Voters
13. You may not vote on this poll
  • I think this is a wonderful idea General Secretary Hu Jintao

    6 46.15%
  • I want to see it built, just to see it fail.

    2 15.38%
  • I have another option.....

    4 30.77%
  • RJ won't care, so neither will I

    1 7.69%

  1. #1
    Cyburbian The One's avatar

    Ok Transit Nerds, what say you?

    http://www.linkedin.com/news?viewArt...news_164515381

    or

    http://www.google.com/search?client=...=Google+Search

    Ok, I'm sure someone has already posted on this one....and I may have even made a comment in that post, but this idea is growing on me for some reason

    A few problems:

    1. Propulsion- How is that going to work?
    2. Bridge and tunnel clearance is going to be a major problem.
    3. How will they address the problem of the routine clobbering of the shoulder rails by semi-trucks, drunk drivers and suicide attempts?
    Skilled Adoxographer

  2. #2
    Cyburbian

    I can also see something like this being used along rail R.O.W.'s.

  3. #3
    OH....IO Hink's avatar

    I like where their mind is at though. Future thinking is good thinking.
    A common mistake people make when trying to design something completely foolproof is to underestimate the ingenuity of complete fools. -Douglas Adams

  4. #4
    Cyburbian JimPlans's avatar

    But, if it's legs were separated from the roadway by jersey barriers or some other rigid structure to protect them from accidents, I think it it could work. In fact, it might be a stroke of genius. No elevated tracks to build (or look at) and it takes advantage of existing transportation infrastructure.

    As for propulsion, it's really just a straddle crane with a passenger compartment built on the top. Pretty straightforward.

  5. #5
    moderator in moderation Suburb Repairman's avatar

    This might be an interesting way to address issues developing commuter rail in areas where you are stuck trying to use already at-capacity freight lines, basically substituting a large-capacity express bus instead. It would avoid costly ROW acquisition and rail construction by going vertical and only needing to provide a paved surface for the wheels. It would be especially cool if the wheels were on lifts of some kind, which would allow it to reduce height to get underneath bridges/improve aerodynamics or increase height to straddle a higher-clearance freight train.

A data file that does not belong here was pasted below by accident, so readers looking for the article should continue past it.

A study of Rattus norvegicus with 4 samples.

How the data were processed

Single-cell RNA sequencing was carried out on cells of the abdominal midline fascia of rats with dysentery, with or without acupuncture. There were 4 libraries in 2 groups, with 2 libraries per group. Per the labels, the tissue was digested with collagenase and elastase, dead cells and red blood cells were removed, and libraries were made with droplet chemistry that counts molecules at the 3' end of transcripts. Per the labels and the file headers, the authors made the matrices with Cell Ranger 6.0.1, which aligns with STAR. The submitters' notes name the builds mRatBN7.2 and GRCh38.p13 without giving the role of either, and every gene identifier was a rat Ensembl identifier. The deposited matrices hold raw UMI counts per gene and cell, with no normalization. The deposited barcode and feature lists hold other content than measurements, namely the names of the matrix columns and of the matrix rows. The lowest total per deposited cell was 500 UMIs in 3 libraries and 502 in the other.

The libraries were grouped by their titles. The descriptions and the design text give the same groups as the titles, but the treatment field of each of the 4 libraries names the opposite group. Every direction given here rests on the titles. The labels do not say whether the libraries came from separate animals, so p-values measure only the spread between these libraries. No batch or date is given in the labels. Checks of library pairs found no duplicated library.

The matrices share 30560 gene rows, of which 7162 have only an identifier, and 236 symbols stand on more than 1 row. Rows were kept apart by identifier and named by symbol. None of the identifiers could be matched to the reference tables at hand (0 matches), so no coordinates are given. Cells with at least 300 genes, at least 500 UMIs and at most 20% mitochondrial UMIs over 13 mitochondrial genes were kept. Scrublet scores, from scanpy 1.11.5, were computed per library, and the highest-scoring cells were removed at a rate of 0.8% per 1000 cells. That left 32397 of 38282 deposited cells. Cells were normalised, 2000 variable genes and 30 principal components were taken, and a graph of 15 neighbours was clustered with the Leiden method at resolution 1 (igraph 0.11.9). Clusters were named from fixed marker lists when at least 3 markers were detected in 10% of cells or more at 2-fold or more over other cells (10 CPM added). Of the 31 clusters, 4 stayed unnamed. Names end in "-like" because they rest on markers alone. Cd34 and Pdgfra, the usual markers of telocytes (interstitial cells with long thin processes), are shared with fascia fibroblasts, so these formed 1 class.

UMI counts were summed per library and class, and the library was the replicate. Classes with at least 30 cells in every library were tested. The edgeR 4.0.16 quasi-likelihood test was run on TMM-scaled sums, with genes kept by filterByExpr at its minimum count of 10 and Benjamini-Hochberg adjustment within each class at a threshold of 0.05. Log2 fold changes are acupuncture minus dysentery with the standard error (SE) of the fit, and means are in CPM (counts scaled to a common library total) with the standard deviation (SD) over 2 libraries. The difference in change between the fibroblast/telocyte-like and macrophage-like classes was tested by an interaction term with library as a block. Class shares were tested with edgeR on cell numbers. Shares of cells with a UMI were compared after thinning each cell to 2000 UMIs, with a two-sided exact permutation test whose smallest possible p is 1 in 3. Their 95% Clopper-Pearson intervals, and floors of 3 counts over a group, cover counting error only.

"Oh, that is all well and good, but, voice or no voice, the people can always be brought to the bidding of the leaders. That is easy. All you have to do is tell them they are being attacked and denounce the pacifists for lack of patriotism and exposing the country to danger. It works the same way in any country."

    - Herman Göring at the Nuremburg trials (thoughts on democracy)

  6. #6
    Cyburbian safege's avatar

    Build a continuous, wide, catwalk on a SAFEGE monorail. Done, and done.
    Psychotics are consistently inconsistent. The essence of sanity is to be inconsistently inconsistent.
    -Larry Wall

  7. #7
    Cyburbian TexanOkie's avatar

  8. #8
    Cyburbian JimPlans's avatar
    I agree with a lot of the previous posters about wrecks, etc. However, SR brought up a good point about using it along rail, or what would be rail, corridors. I'll even add something to the mix - you could use it on/in existing HOV lanes, and you have something vaguely resembling BRT.
    In line with that idea, instead of making it a standalone vehicle, make it into a "land ferry" where buses could filter in from various routes around a region, park on top and then be driven over traffic on highways, then pull off and go their seperate ways through city streets.

    Wow, that's almost a good idea.

  9. #9
    Cyburbian The One's avatar

    Tunnels, overpasses and underpasses are still a major problem right?
    Skilled Adoxographer

  10. #10
    Cyburbian DetroitPlanner's avatar
    Tunnels, overpasses and underpasses are still a major problem right?
    Yeah between this and ADA.... good luck!
    We hope for better things; it will arise from the ashes - Fr Gabriel Richard 1805

  11. #11
    Cyburbian Random Traffic Guy's avatar

  12. #12
    Member

    The shoulder guard rail is optional. Tracks could be flush with the street, like trolley tracks.

    Part of the success of this bus has to do with how the law in the country where it runs handles traffic collisions.

    It will run using electricity. Batteries or (more likely) capacitors will be recharged when the bus is at a stop.

    Are cabbies involved in that many collisions? I would think that the spectre of being sidelined while still having to make the daily payment to the taxi company and not collecting fares would encourage more safe driving particularly around something as big as this bus.

    Other questions: http://www.cockam.com/stradbus.htm

  13. #13

  14. #14
    Cyburbian Dave F's avatar

    See 2nd panel from bottom on left:

    http://reason.com/archives/2005/03/0...y-own-monorail

    I see this mode being accepted/implemented much more readily in China than the US, especially for the reason the cartoonist brings up.